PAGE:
Sherlock Holmes. Just that name conjures up a lean man in cape and deerstalker tracking through the moors or pacing 221B Baker Street over a multi-pipe problem. Holmes long ago achieved literary escape velocity, transcending Victorian London, crime fiction and even Conan Doyle. First sleuthing upon the page in 1887’s A Study in Scarlet, these days scads of pastiches and reinterpretations are published every year. Holmes movies, television series, theatre productions. Holmes societies across the world. The game has never been more afoot.
What about him has such lasting magic?
Last year I found myself immersed in that question, tasked at Killer Nashville to moderate a panel on modern incarnations of Mr. Holmes. Wonderful authors Nikki Nelson-Hicks and Stephanie Osborn held forth expertly on what makes Holmes timeless: his towering analytical capacity, his fit as mythic archetype, his addictions and failings of vanity. Nikki and Stephanie lauded the deftly-drawn London backdrop and wit and ingenuity of the stories and the growth of the characters–Conan Doyle kept Holmes fresh and (mostly) alive in print for over forty years. All yes, but for Casual Fan Me there’s more to why Holmes works as well today as a generation before WWI. Fortunately, I don’t need epic deductive powers to suss out the secret behind Sherlock Holmes. He tells us himself:
“I know, my dear Watson, that you share my love of all that is bizarre and outside the conventions and humdrum of everyday life.”
Fifty-six of Conan Doyle’s sixty Holmes outings came through the eyes of Dr. Watson. Good old Watson, forever grabbing his pistol and never-minding Holmes’ squalor and hailing the next hansom cab. Watson isn’t Holmes’ sleuthing or mental equal–neither of them thought that, either–but it’s wrong to demote dear Watson for it. His real partner is you and me. The reader.
Holmes is gloriously over-the-top: master of disguise, expert fighter, damn near a superhero (and he kind of thought that of himself, didn’t he?). If we were in his point-of-view, either he’d bang on disproportionately about clinical detail, or he’d sit in unlikeable judgment of bumbling Lestrade or some red-headed dupe. Or worse, he wouldn’t bother explaining a thing, and we would have to read his solutions as magic.
“A conjurer gets no credit when once he has explained his trick…”
Such was how Holmes chastised Watson over dramatizing the cold science of detection. And yet Holmes understood how his own perspective stepped all over the drama: he tells us precisely so in 1926’s “The Adventure of the Blanched Soldier,” a rare tale from his POV:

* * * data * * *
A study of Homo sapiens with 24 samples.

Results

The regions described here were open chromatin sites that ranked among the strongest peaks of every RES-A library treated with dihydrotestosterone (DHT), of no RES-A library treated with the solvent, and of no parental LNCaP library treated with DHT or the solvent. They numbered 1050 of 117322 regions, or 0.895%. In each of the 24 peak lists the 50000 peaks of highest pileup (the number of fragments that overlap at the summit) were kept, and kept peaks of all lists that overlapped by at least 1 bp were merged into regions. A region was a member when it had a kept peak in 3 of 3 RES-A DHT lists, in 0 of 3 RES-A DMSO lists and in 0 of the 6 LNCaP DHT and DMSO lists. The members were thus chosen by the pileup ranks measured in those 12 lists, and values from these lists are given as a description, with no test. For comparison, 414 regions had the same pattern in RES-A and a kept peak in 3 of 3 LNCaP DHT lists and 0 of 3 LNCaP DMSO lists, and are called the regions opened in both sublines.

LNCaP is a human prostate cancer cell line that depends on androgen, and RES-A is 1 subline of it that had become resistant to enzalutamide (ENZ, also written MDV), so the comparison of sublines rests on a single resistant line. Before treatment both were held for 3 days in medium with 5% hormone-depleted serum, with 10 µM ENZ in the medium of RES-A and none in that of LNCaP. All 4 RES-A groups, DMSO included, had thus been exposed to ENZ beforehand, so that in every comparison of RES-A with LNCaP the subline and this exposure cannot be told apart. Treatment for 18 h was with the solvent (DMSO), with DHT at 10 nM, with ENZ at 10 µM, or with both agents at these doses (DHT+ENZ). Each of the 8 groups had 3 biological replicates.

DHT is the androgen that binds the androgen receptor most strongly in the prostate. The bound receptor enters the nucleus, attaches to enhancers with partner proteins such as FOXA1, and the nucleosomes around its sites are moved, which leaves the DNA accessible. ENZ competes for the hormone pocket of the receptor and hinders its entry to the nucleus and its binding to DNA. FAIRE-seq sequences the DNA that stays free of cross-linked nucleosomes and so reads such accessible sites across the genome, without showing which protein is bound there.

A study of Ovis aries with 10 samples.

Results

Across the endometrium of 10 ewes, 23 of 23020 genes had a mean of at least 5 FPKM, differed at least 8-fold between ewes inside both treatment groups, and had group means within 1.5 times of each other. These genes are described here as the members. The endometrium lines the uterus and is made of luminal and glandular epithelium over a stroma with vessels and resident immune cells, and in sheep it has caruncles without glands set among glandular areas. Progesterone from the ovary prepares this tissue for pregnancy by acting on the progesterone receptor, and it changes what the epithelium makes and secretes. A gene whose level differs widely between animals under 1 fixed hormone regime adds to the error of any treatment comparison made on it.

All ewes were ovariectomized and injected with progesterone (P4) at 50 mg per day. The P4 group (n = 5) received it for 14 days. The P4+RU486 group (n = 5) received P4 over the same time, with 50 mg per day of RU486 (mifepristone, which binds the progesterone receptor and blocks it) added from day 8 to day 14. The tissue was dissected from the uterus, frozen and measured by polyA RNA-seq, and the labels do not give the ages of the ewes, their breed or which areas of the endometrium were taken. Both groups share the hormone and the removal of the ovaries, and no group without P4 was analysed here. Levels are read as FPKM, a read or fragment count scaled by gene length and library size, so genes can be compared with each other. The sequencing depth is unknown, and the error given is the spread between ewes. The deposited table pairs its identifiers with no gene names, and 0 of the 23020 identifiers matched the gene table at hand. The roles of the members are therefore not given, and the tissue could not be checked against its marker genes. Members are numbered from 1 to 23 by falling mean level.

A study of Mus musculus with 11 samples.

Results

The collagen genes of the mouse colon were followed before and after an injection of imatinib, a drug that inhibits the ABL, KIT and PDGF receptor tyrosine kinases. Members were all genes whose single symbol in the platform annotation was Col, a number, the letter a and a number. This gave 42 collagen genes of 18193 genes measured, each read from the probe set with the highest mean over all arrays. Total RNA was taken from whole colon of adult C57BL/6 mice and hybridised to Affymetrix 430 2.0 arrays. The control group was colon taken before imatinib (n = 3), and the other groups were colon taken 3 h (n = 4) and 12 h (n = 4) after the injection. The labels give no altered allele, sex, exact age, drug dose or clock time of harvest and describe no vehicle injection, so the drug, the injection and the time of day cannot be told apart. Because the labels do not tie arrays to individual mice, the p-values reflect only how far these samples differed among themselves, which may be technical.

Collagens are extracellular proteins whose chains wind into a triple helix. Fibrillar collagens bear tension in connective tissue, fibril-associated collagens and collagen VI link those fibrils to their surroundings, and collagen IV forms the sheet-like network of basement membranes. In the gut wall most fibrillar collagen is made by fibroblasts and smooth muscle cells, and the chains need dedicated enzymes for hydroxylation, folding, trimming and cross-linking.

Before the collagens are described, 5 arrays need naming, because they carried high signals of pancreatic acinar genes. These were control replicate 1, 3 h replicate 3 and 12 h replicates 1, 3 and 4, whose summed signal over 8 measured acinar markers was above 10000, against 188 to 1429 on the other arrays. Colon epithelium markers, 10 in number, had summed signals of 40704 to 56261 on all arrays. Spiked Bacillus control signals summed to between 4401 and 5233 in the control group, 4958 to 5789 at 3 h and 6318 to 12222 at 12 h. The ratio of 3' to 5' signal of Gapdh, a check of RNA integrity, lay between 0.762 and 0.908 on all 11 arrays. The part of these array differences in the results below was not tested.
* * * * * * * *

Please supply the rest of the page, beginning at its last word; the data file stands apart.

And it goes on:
“I am compelled to admit that, having taken my pen in my hand, I do begin to realize that the matter must be presented in such a way as may interest the reader…”
Holmes, too clued-in to be a boring narrator. This Watson chap, though, has to struggle. Normal, prone to (gasp!) emotion, stuck with a limp, but clever, able to eventually grasp his friends deductions and diagnose certain bad habits yet still marvel at feats of intellect. What does Watson know about rare poisons and shipping timetables and the relative ash qualities of tobacco varieties? Ah, the struggle, the stuff of fiction. Watson must sift out the clues, or else Holmes prods him to dig into what is seen but not yet observed–and he does it at our pace.
Which circles back to the enduring Mr. Holmes. We’re fascinated with him because Watson is, too–and that’s because, if Holmes is the canon’s most fascinating character, Watson is its most interesting. What I mean: I’m fascinated by meteorology–weather systems, tornados, etc. but I can’t do much with or about a storm. I only semi-grasp the science. The dirt-poor grad student jumping in a minivan to chase a super cell, though, now that’s interesting.
Isn’t that Watson? Chasing the conjurer’s trick? And I don’t mean any ghostly hounds or criminally-brilliant opera singers or international crime lords. Watson is chasing Holmes. What makes him tick. Holmes the problem-solver survives because Conan Doyle made him the canon’s greatest and deepest mystery. More than fumbling over any given case, Watson fumbles through time to learn his great friend–and never quite learns him. Thus we never quite learn him. There’s a cipher aspect to Holmes, that iconic silhouette in deerstalker and pipe, a figure open to as many enthusiastic interpretations as there are enthusiastic interpreters.
first appeared in SinC-Middle Tennessee’s newsletter, April 2016.